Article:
G20 Summit: The Saudi Crown Prince’s Diplomatic Test


This weekend, from Friday, November 30th to Sunday, December 2nd, the annual G20 summit has been taking place in Buenos Aires, Argentina. The summit marked the Saudi Crown Prince’s first major international diplomatic test since the murder of Saudi journalist, Jamal Khashoggi, on October 2nd. Mohammed bin Salman, or MbS as he is often referred to by the media, has been side-lined by many of the politicians, however he has not been completely outcast as a political pariah as most countries acknowledge the need to maintain a relationship with Saudi Arabia for trade and intelligence links.

Host President, Argentina’s Mauricio Macri, opened the summit with a call for ‘dialogue, dialogue and dialogue.’ European Council President, Donald Tusk, similarly told journalists that he wishes to ‘appeal to the leaders to use this summit, including their bilateral and informal exchanges, to seriously discuss real issues.’ Many leaders did meet with MbS in some capacity to discuss trade deals, the situation in Yemen and the murder of Khashoggi, including the United Kingdom’s Theresa May and China’s President Xi Jinping. Microphones and cameras recorded part of a five-minute discussion between MbS and French President Macron, during which Macron states ‘I am worried…you never listen to me,’ with the Saudi Prince replying that ‘no, I listen to you, of course.’ The topic remains unclear but French officials say that Macron was ‘very firm’ regarding both the murder and the war in Yemen. Meanwhile, Russian President, Vladimir Putin, was seen to enthusiastically high-five MbS with a smile. During the ‘family portrait’ of the G20 leaders, MbS was isolated on the far-side of the frame, far from Turkey’s Tayyip Erdogan.

This balance that many international politicians are choosing to follow, of continued conversation with the Saudi crown prince whilst confronting him head on about the Khashoggi case, is the most appropriate in these difficult circumstances. Khashoggi deserves justice. It remains highly plausible that the Saudi prince was involved in some capacity in his murder, and that the Saudi government could now be covering up and fabricating stories to mask the truth about what happened. For this reason, political leaders must remain cautious in addressing him and ensure that he does not believe that there are to be no international political repercussions for the murder. However, with the situation in Yemen in particular requiring conversations between MbS and other leaders, it would be inappropriate and counterproductive to completely cut him out of the political scene at the G20 summit and beyond.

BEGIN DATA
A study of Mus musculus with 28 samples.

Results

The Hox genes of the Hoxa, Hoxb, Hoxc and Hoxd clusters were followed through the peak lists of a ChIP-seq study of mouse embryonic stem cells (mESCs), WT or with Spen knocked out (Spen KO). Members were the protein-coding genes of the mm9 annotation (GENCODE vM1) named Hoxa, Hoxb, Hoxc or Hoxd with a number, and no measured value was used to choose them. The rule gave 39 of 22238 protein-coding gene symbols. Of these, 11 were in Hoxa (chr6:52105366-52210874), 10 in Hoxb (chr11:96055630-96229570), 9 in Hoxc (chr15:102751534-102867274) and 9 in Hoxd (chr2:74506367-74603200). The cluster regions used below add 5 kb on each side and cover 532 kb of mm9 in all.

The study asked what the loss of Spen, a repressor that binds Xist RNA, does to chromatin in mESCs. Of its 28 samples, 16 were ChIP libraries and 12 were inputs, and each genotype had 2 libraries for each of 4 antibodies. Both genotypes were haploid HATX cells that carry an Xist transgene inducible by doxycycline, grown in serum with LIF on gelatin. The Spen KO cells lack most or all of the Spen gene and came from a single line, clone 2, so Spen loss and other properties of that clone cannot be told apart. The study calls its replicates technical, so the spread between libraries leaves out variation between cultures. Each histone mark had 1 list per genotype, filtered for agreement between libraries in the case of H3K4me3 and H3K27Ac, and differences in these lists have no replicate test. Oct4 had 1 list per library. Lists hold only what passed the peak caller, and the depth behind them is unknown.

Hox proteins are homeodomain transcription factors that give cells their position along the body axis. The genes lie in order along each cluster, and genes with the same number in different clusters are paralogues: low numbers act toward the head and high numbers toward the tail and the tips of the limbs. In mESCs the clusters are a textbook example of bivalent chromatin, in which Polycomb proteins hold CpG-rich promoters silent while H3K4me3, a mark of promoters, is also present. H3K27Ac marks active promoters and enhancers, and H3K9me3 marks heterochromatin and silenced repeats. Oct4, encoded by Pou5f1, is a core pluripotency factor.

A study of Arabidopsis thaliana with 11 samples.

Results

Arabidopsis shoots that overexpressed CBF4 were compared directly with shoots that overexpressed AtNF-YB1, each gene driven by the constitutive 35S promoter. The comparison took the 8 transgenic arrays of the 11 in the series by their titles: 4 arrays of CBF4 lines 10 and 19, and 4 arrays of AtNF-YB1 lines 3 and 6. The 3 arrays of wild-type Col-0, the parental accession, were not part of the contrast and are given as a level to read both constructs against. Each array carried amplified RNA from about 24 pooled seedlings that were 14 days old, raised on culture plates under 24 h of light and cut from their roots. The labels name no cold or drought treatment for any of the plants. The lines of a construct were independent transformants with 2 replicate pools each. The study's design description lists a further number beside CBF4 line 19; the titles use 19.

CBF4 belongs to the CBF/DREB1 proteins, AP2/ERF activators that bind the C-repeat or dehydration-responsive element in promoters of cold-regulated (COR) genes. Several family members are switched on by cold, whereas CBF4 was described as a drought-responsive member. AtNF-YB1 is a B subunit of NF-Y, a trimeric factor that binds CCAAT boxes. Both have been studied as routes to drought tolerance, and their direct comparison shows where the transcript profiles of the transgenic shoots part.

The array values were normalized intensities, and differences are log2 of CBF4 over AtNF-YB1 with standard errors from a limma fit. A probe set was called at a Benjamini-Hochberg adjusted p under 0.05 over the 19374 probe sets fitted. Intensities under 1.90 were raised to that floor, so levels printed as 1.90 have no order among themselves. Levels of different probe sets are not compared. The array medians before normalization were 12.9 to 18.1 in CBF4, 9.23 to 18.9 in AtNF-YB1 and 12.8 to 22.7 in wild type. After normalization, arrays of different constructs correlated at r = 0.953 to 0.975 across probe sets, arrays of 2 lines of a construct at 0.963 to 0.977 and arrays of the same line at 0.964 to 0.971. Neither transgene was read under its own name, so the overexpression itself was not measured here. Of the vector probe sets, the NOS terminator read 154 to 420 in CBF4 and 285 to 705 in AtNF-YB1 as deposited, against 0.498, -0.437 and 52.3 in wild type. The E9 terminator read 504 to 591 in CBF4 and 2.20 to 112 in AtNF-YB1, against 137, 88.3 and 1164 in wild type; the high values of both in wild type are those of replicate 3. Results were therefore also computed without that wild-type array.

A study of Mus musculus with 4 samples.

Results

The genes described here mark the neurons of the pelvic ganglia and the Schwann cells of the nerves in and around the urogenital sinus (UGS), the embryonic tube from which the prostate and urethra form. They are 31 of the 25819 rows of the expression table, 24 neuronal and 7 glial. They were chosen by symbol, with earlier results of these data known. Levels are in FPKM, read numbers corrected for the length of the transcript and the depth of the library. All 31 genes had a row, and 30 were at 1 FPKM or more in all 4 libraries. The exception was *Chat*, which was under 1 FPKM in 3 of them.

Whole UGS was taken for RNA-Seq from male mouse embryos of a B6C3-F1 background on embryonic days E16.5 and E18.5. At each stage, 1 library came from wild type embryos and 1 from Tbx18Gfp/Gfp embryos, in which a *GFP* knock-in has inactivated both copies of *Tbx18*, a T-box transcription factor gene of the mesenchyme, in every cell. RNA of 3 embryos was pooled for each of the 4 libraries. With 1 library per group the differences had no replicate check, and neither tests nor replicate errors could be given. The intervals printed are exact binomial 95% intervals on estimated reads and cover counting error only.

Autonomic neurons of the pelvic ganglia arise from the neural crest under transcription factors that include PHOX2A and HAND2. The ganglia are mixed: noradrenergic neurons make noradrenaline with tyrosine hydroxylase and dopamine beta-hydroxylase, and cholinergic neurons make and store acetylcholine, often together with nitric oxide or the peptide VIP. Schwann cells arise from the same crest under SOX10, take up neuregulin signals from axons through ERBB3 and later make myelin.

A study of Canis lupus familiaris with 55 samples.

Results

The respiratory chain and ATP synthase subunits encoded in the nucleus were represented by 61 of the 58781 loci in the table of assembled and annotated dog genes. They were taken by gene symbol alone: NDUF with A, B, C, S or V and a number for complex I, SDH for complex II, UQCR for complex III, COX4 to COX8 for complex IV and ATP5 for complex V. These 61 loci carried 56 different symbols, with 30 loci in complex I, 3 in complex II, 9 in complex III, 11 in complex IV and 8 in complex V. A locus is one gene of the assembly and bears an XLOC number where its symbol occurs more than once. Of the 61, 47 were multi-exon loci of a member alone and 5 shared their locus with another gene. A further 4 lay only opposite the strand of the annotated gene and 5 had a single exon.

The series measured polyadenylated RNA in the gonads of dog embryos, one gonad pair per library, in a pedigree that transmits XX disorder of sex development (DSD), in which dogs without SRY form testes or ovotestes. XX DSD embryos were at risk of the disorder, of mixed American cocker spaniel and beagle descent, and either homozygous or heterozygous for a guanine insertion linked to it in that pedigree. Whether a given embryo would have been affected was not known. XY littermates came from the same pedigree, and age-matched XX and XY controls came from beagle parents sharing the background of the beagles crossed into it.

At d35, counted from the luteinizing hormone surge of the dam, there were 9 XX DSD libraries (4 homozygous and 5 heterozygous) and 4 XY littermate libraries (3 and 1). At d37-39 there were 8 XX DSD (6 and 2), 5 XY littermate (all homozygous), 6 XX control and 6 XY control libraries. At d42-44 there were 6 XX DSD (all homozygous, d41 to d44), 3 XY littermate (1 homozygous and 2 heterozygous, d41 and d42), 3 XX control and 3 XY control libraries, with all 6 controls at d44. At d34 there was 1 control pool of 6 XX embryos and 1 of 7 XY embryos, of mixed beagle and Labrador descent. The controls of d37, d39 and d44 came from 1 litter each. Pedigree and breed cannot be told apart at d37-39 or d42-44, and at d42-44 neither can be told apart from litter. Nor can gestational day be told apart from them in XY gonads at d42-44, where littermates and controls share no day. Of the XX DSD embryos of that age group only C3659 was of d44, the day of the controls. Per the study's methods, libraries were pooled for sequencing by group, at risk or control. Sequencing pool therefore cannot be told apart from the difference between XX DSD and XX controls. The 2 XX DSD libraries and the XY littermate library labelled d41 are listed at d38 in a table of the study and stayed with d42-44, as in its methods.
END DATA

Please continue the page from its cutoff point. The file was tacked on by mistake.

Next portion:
Khasshogi, a Saudi journalist and known dissident of the Saudi government, was killed in the Saudi Consulate in Istanbul on October 2nd. Saudi Arabia initially denied any involvement or knowledge of his disappearance, but later admitted he had been killed when a member of the intelligence team diverted from the plan to bring Khashoggi back to the Gulf region. The G20 summit is the Crown Prince’s first major gathering of international political leaders since the murder, and his attending the summit in itself was a calculated risk. The summit, made up of nineteen of the world’s most industrialized powers plus the EU, is an annual opportunity for leaders to develop global policies tackling major issues, with many decisions made one-to-one. In 2018, other key topics have included tensions with Putin over a recent clash with Ukrainian vessels in the Sea of Azov and the USMCA trade deal between the United States, Mexico and Canada.

International leaders must continue to investigate Khashoggi’s death until the truth is proven. This includes putting pressure on the Saudi government to collaborate, and holding them accountable for their involvement. However, with a war in Yemen causing unprecedented levels of starvation amongst civilians, it would be irresponsible for political leaders to totally shun the Saudi Crown Prince. The diplomatic and reserved behaviour most leaders showed towards MbS at the annual G20 summit was appropriate and well-balanced.

Gemma Woodbridge

Gemma is a History Graduate from the University of Oxford and currently works in the charities sector. Her interests are in human rights, education, and gender.

About Gemma Woodbridge

Gemma is a History Graduate from the University of Oxford and currently works in the charities sector. Her interests are in human rights, education, and gender.